Part 1

Name: Rob Simonson (Echo Society)
Nationality: American
Occupation: Composer, Curator
Recommendations: Big Ears festival in Knoxville and Liquid Music in St. Paul, Minnesota.

Website: If you enjoyed this interview you can find more information about Echo Society on their website

When did you start in a curatorial role - and what or who were your early passions and influences? 

When we started the Echo Society in 2013. Before then I had never curated anything beyond my own record collection. I think the passion and inspiration since the beginning has been the seven of us core composers all following our excitement about what would be possible. We had the opportunity to discover it all as we went along. We’ve come to lean on and trust each other more and more as time goes on; it’s group creation and problem solving. 

What do you personally consider to be the incisive moments in your work and/or career?

Hearing Miles Davis’ Bitches Brew for the first time. It was a cold rainy night in 1996 and I was packing for a trip with the album playing in the background. The first track opens up and the band vamps for two and a half minutes before Miles comes in and plays a single note. When that first trumpet phrase comes in, I was stunned. I couldn’t believe the notes he was playing and the feelings that it gave me. It lit up my imagination. I remember I stopped packing and just listened, completely captivated. It elicited such a strong reaction for me and flooded me with thoughts and emotions. I wanted to chase after more of that.
I had a lot of other moments like that: Steve Reich’s Music for 18 Musicians, Aphex Twin’s Selected Ambient Music Vol II, Bjork’s Homogenic, and, early on, the Star Wars soundtrack. I think the first time I heard those records I was affected in a way that made me want more of it, to push into and explore those feelings more.
I suppose the next big moment was when I began working for Mychael Danna. That was a huge step forward. He taught and gave me so much opportunities, knowledge, coaching. I owe my career to him in many ways. I think when we collaborated on (500) Days of Summer that set me on a certain course in my own career.
Another big moment was when all seven of the Echo composers went to a concert together. Afterwards we started talking and getting excited about the idea of putting on our own show and what that would be. The Echo Society really started there that night. 

How would you describe and rate the music scene of the city you are currently living in and how much does it get featured in your programming?

I think it’s a really exciting time for LA. To me it feels like the dawn of a new era. There are amazing artists of all disciplines moving here in droves it seems. So many arts institutions, galleries, museums and groups are creating amazing art; the city is really alive right now. With Echo we try to explore the city architecturally, bring people to interesting spaces, and to make the space itself part of the experience and performance. LA has so many hidden architectural gems and interesting spaces to make this possible.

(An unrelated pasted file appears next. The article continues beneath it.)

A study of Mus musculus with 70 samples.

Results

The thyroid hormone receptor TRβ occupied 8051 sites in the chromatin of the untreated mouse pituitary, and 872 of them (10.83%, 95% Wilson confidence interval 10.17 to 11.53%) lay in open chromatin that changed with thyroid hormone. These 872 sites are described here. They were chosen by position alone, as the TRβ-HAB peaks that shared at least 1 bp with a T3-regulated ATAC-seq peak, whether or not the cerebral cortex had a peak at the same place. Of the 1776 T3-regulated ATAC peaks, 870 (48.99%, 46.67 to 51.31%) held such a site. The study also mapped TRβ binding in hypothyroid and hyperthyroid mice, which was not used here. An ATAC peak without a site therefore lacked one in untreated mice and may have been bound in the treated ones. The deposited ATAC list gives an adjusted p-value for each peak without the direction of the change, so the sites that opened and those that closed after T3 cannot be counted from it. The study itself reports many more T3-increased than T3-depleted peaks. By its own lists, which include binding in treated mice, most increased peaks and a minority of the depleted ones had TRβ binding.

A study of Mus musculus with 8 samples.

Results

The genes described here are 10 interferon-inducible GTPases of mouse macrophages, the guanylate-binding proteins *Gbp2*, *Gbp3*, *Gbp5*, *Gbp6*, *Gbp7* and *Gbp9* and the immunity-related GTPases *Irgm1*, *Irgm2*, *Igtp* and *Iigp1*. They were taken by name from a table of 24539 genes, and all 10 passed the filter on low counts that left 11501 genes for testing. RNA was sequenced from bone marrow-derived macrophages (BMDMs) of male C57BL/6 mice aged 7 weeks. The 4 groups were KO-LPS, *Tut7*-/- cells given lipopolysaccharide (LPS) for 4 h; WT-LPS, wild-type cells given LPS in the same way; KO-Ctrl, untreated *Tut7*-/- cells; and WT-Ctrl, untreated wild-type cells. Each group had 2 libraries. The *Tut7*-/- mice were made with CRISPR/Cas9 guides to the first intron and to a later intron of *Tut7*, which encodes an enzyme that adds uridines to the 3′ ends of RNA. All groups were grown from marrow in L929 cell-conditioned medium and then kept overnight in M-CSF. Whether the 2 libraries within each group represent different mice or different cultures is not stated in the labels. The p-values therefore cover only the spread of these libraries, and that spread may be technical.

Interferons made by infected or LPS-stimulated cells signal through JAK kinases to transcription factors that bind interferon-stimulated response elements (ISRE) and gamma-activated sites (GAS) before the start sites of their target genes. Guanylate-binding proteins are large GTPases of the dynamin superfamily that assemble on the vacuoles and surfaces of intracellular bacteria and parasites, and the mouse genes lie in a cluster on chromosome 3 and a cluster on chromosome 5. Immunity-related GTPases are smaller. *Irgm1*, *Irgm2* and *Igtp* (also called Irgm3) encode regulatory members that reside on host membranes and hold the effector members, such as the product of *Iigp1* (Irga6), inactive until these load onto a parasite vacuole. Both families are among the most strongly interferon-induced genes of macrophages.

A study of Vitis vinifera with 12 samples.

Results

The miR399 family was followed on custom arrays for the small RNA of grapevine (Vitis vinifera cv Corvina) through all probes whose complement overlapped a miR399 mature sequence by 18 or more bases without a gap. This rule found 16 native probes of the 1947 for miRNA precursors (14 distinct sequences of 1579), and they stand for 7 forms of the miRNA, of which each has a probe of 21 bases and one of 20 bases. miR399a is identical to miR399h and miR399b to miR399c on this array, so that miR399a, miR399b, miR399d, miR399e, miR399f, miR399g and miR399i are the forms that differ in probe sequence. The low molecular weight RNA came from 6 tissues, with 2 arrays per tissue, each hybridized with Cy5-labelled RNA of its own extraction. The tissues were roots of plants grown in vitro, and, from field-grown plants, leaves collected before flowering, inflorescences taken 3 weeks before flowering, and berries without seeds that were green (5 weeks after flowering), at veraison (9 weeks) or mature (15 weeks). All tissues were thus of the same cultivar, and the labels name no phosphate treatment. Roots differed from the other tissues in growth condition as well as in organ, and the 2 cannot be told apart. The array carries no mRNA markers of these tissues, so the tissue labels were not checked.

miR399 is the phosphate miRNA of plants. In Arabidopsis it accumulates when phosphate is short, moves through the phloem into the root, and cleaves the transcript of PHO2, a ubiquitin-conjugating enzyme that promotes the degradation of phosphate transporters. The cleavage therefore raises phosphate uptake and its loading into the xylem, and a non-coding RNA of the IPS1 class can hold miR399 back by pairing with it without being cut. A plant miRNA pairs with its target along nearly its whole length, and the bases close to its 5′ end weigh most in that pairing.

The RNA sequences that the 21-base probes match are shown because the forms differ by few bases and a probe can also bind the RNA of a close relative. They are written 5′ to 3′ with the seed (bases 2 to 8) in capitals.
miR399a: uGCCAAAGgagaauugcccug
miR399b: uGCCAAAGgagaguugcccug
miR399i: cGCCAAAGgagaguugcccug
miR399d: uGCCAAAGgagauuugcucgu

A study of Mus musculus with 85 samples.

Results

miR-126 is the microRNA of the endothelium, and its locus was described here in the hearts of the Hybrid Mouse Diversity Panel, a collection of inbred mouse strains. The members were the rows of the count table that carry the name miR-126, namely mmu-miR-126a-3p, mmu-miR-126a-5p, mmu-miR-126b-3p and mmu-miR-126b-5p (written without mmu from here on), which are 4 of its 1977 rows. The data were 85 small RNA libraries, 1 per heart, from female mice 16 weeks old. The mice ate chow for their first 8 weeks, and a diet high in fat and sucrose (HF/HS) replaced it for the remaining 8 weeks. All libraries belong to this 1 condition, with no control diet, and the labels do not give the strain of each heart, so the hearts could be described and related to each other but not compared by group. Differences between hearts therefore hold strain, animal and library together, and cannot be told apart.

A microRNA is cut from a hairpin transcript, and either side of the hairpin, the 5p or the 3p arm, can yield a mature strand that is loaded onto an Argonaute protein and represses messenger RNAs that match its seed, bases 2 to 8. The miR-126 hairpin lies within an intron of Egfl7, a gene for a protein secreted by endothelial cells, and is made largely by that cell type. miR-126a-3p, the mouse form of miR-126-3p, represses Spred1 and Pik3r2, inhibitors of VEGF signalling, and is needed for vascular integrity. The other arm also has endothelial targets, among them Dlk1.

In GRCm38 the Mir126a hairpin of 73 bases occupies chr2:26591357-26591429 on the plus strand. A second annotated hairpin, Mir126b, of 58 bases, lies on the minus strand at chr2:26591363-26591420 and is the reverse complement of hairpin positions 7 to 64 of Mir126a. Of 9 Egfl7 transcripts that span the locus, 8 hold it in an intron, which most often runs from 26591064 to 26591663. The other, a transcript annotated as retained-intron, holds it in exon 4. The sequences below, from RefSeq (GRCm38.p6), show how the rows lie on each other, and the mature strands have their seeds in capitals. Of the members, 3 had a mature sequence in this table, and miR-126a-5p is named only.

There is also such a great electronic and classical tradition here. To be at the cross section of this and curating/creating new work for these blended hybrid ensembles is really exciting for us. 

Is objectivity in any way a goal in your own work? What, other than your personal taste, are criteria for defining quality?

I’m always striving for objectivity. I think it’s important to expose ideas and work to others, even if it’s rough and not fully formed; the strong ideas tend to get stronger and the weak ones perish. It’s a creative natural selection process that happens when you expose work to others.
In terms of defining quality, I think it’s ultimately whether or not something lights me up. Goosebumps is always a pretty good indicator.  

How would you describe your role in the creative process?

Constantly shifting. 

Tell me a bit about your perspective on the selection process for your programming, please. In how far do PR companies, the media and public awareness of an artist or band play a role in programming them? How much room is there in your work for taking creative risks? 

Our selection process is pretty simple. We have a running list of artists who inspire and excite us, and people who we think would be a good fit for Echo, and we approach them.
In terms of taking risks, it’s a very important part of what we do. If we’re feeling fear and nervousness about a creative choice, it’s a good indicator that we’re on the right path. We always are trying to push into unknown territory. 

Programming music can occasionally lead to deeper insights into the music itself. In which way, do you feel, can curating change the way music and certain styles of music are perceived?

I think when things are curated, they’re bound together under a common creative umbrella and that can cast a different interpretation on a piece or artist. In context of others it can have a different flavour and bring out different qualities. I think trusted curatorial institutions are great for that. Things have been vetted for me, but it’s also about building a trust in that force and thinking “ok they saw something in this I’m going to try it”. Whoever is curating is putting a number of different things together and saying there’s something similar in these, or interesting in the counterpart of their differences. It might be direct, it might be ephemeral, but it adds up to something greater when put next to each other.